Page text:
Baltimore City Health Department Statement On E-Cigarette Council Bill

Baltimore City Health Department Statement On E-Cigarette Council Bill

BALTIMORE, MD (May 1, 2014) — The Baltimore City Health Department looks forward to working with the City Council on this important legislation extending the prohibition of indoor smoking to include e-cigarettes.

“We are concerned about the increasing frequency of vaping and e-cigarette use among school-aged children and that this may be a gateway device for smoking traditional cigarettes and developing nicotine addiction,” said Dr. Jacquelyn Duval-Harvey, Interim Health Commissioner for Baltimore City. “We know that a strong majority of adult smokers become addicted to tobacco by the time they finish high school, so school-aged children who use tobacco or e-cigarettes is cause for concern. Additionally, with e-cigarettes, the cheaper cost, easier access, clever nicknames for devices, bright colors, and flavored varieties appealing to young people are all troubling. We are concerned that teenagers will see e-cigarettes as a trendy, harmless “in” thing to do.”

If passed, Baltimore would join such other major cities as Boston, Chicago, Los Angeles, New York City, Philadelphia, San Francisco and Seattle which have already banned e-cigarettes in places where cigarettes aren’t allowed.

Similar to traditional cigarettes, e-cigarettes contain nicotine in their cartridges, an addictive chemical that poses risks to heart health.

Earlier this month, a study by the Centers for Disease Control found a dramatic increase in calls to poison centers for issues dealing with e-cigarettes – from one per month in September 2010 to 215 per month in February 2014.  More than half of the calls involved young children under age five and about 42 percent of the calls involved people age 20 and older. 

According to another recent report from the CDC, from 2011 to 2012 electronic cigarette use increased significantly among middle school (0.6 percent to 1.1 percent) and high school (1.5 percent to 2.8 percent) students.

According to the Centers for Disease Control, nearly 90 percent of adult smokers in the United States began smoking by age 18. The 2012 National Youth Tobacco Survey (NYTS) found that in 2012, the prevalence of current tobacco product use among middle and high school students was 6.7 percent and 23.3 percent, respectively. After cigarettes, cigars were the second most commonly used tobacco product, with prevalence of use at 2.8 percent and 12.6 percent, respectively.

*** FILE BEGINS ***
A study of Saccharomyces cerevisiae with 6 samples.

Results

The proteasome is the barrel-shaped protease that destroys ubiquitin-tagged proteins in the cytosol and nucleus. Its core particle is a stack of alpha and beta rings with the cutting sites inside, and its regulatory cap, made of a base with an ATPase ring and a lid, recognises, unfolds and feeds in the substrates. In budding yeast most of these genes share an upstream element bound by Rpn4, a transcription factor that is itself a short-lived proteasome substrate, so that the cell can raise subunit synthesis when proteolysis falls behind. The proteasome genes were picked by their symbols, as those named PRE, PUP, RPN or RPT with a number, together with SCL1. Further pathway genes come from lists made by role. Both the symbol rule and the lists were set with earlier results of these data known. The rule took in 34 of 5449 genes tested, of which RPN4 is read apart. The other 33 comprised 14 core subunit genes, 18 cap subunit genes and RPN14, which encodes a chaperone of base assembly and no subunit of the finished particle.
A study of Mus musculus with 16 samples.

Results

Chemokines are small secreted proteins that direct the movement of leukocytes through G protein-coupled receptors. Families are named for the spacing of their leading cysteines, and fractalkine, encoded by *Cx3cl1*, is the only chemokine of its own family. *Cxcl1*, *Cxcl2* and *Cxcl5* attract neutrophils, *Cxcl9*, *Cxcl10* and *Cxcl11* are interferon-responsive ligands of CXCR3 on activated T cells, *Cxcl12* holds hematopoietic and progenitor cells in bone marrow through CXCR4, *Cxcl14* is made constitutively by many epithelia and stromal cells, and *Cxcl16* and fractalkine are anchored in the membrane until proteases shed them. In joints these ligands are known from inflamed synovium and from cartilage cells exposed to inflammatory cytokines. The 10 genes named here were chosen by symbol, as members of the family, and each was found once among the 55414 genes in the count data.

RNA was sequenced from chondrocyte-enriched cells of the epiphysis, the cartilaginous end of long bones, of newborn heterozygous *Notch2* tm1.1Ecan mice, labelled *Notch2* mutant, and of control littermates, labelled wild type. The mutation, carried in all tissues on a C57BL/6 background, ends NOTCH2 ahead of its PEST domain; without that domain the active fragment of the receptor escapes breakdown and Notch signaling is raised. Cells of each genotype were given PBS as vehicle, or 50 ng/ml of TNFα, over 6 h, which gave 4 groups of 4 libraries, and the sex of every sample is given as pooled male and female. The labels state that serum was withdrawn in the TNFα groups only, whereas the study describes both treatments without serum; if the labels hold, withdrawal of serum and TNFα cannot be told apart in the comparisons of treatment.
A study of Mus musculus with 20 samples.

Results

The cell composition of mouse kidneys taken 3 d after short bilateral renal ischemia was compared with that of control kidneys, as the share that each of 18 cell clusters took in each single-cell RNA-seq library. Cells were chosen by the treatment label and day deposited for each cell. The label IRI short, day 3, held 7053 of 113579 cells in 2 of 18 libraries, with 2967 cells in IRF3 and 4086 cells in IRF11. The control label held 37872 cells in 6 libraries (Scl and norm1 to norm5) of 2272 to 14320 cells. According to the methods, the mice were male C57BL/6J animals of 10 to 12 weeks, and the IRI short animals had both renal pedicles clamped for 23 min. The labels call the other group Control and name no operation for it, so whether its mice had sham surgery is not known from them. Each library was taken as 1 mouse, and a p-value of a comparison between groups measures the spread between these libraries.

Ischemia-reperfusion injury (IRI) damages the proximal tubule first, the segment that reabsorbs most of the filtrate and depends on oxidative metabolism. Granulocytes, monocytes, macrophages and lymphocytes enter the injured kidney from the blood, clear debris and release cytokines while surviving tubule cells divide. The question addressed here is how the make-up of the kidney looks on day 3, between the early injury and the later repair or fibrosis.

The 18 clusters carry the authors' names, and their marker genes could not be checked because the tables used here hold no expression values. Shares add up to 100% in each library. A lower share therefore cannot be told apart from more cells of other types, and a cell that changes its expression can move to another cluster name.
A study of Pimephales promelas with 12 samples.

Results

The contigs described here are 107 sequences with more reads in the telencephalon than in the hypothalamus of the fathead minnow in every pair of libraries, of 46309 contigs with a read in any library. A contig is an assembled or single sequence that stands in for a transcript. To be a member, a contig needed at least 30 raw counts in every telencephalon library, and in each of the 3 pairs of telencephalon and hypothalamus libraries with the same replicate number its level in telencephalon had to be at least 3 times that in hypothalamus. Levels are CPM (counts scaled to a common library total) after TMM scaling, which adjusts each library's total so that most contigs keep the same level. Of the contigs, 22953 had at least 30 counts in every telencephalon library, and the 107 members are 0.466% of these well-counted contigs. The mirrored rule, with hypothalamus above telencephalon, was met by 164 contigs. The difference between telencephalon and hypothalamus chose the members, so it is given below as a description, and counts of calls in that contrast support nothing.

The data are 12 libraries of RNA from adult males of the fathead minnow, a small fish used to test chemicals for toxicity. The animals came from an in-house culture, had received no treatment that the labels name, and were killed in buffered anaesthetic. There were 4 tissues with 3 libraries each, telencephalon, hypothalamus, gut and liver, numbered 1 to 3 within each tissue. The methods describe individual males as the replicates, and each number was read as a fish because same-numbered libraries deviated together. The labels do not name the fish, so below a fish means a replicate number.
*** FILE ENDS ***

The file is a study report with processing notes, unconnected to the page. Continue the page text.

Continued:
The life-changing impacts of tobacco use on health are clear:

  • Tobacco use is the number one preventable cause of heart disease and is a major contributor to heart attacks, stroke, chronic lung disease and cancer.
  • Cardiovascular disease (CVD) is the leading cause of death in Baltimore City, and smoking is one of the major risk factors for developing CVD.
  • Babies exposed to tobacco smoke are five times more likely to die from Sudden Infant Death Syndrome.
  • Those who smoke and have chronic illnesses are more likely to have poorer health outcomes than those who do not smoke.

Tobacco use is an issue that directly impacts several goals outlined in the city’s health policy agenda, Healthy Baltimore 2015:

Decrease the percent of adults who currently smoke by 20 percent. 

  • In 2011, nearly 25 percent of Baltimore City residents self-reported in a survey that they were a smoker. Baltimore City has consistently had a higher smoking prevalence than the state of Maryland.

Reduce the percent of teens who currently smoke by 20 percent.

  • In 2007, nearly 12 percent of high school students reported they had smoked tobacco products at least once in the previous month.  A 2010 study of tobacco use behaviors showed use of “any” tobacco product by youth under age 18 had increased nearly three percent between 2000 and 2010.

Decrease by 15 percent the rate of births to women who report smoking during pregnancy. 

  • Between 2009 and 2011, the rates of smoking during pregnancy increased, particularly among African American women, an increase of 20.5 percent.